With the Volkswagen logo on the front page of every newspaper, the first question that comes to mind is how many billions will this cost? The second, probably more fundamental question, is why did this happen? The facts are still murky and it will probably take months, if not years, before the complete picture can emerge. However, a few points can already be made.
While we know that the direct cause of the scandal was the software installed on Volkswagen cars which allowed them to cheat emissions tests, the installation did not happen in a vacuum. First, Volkswagen was under pressure. Its ambition to surpass Toyota as the world's largest automaker had been long-held and was achieved in the first half of 2015 despite a sales slump in the U.S. We now know at what cost. This goal for supremacy was promoted by former Volkswagen CEO Martin Winterkorn, who was notorious for using a “command-and-control” approach to management, reverberating the pressure throughout the organisation. A key component of his strategy was to develop a strong presence in the U.S. where pollution standards are particularly hard to meet for diesel cars, making the pressure very specific.
Secondly, Volkswagen had ample opportunity to implement its fraudulent scheme. The success of modern cars rests increasingly on the strength of their software rather than on mechanical design. In contrast, most car technicians are trained mechanics and a few lines of code in the millions that constitute the complex automobile software are hard to detect.
Third, the organisation was able to rationalise its behaviour relatively easily. It is doubtful that the fraudulent software was the first and only step taken by Volkswagen to improve its performance during the pollution tests. In these type of corporate scandals, fraudulent manipulations typically start small and snowball overtime, giving rise to what psychologists call the “normalisation of deviance”. To the extent that other companies did something similar, industry social norms may have provided another convenient rationalisation as they did in numerous finance-related scandals. Indeed, Takata, General Motors, Firestone or Ford, have all sold defective products associated with hundreds of deaths.
Getting Volkswagen back on track
With Winterkorn resigning under pressure from the scandal, company veteran Matthias Mueller has been named the new CEO and faces the daunting task of rebuilding VW’s reputation and stock price. Some of his next steps will probably come out of the standard crisis management playbook:
First, acknowledge the problem (something that the company has already done).
Second, quickly implement short term measures. It’s likely an investigation will soon be launched and a number of resignations announced. The new CEO is likely to meet with regulators, financiers and other stakeholders. He will probably be in the media announcing a “new” Volkswagen and asking customers, employees and distributors to remain loyal to the brand during these difficult times.
Third, take long term measures to prevent the crisis from recurring. Training sessions, functional reorganisations and perhaps incentive restructuring are likely to be implemented.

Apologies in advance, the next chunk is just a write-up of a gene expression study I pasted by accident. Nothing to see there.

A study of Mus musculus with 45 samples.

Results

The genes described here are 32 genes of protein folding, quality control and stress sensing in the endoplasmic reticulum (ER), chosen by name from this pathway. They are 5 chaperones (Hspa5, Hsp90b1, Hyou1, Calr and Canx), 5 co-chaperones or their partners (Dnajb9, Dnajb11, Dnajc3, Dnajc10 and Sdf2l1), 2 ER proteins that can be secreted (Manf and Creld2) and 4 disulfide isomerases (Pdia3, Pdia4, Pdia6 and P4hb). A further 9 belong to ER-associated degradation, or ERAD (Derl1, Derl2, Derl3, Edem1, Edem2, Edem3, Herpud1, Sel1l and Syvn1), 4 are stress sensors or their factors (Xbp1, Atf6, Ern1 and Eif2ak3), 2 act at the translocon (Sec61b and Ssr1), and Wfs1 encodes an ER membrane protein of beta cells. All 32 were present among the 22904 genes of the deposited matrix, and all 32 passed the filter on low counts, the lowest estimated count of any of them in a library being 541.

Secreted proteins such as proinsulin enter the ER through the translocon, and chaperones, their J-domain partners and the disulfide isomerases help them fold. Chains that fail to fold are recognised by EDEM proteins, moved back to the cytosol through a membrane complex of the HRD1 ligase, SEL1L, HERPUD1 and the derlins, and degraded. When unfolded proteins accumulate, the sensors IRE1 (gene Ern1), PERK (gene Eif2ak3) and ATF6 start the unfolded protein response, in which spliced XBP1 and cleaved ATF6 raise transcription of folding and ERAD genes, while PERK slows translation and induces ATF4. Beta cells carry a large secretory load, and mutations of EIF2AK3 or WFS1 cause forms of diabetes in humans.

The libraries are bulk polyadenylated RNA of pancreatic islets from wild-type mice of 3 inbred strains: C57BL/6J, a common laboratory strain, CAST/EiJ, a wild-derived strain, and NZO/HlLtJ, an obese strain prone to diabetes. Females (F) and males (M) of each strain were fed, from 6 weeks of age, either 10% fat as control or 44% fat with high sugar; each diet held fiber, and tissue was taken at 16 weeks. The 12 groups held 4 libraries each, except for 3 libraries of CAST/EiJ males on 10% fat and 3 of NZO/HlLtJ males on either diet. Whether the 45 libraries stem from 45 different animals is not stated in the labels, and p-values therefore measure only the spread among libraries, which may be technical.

The crux of the VW crisis
While the above steps will be a useful start, getting to the root of the problem requires deeper analysis of the Volkswagen culture. At its heart, the group is an engineering company. It excels at managing risk, i.e. known problems, through standards, processes and procedures. It is much less comfortable with uncertainty, or unknown problems, that may suddenly emerge and destabilise the organisation. It is not unique in this respect. Nokia, for example, has used a similar approach for years to fight back the steady flow of relatively marginal innovations coming from the competition. Unfortunately, the efficient processes, the numerous patents, the high reliability standards that made Nokia great at managing known problems led to its demise when Apple redefined the market with the iPhone. Stuck in a tough but predictable world, Nokia was unable to change its ways fast enough.
As the former head of Volkswagen's Porsche sports car division, 62-year-old Mueller comes with an aura of success. He is known and he knows the group. He is perceived as a safe hand that will steer the company through this unprecedented crisis. Unfortunately, this seemingly reassuring proximity does not make him an obvious candidate to change the culture of a company that is not unfamiliar with serious crises. In fact, Volkswagen and Porsche have been associated with three other major scandals involving market-manipulation, bribery and prostitution allegations over the last ten years.
Processes and individuals can be changed. Cultural changes are more difficult. When the American manufacturing company Tyco was embroiled in a scandal caused by the arrest of its former CEO on charges of fraud, it hired Ed Breen as a replacement. Breen, a company outsider, made technical changes but, more importantly, completely restructured senior management, engineering the departure of dozens of executives and of the entire board. Naturally, this came at a cost in terms of business continuity but Breen was able to significantly change Tyco’s culture.
These difficult changes often require a sense of urgency. As former White House Chief of Staff Rahm Emanuel famously said, "You never want a serious crisis to go to waste.” For Volkswagen, the time is now.
Gilles Hilary is an INSEAD Professor of Accounting and Control and The Mubadala Chaired Professor in Corporate Governance and Strategy. He is also a contributing faculty member to the INSEAD Corporate Governance Initiative.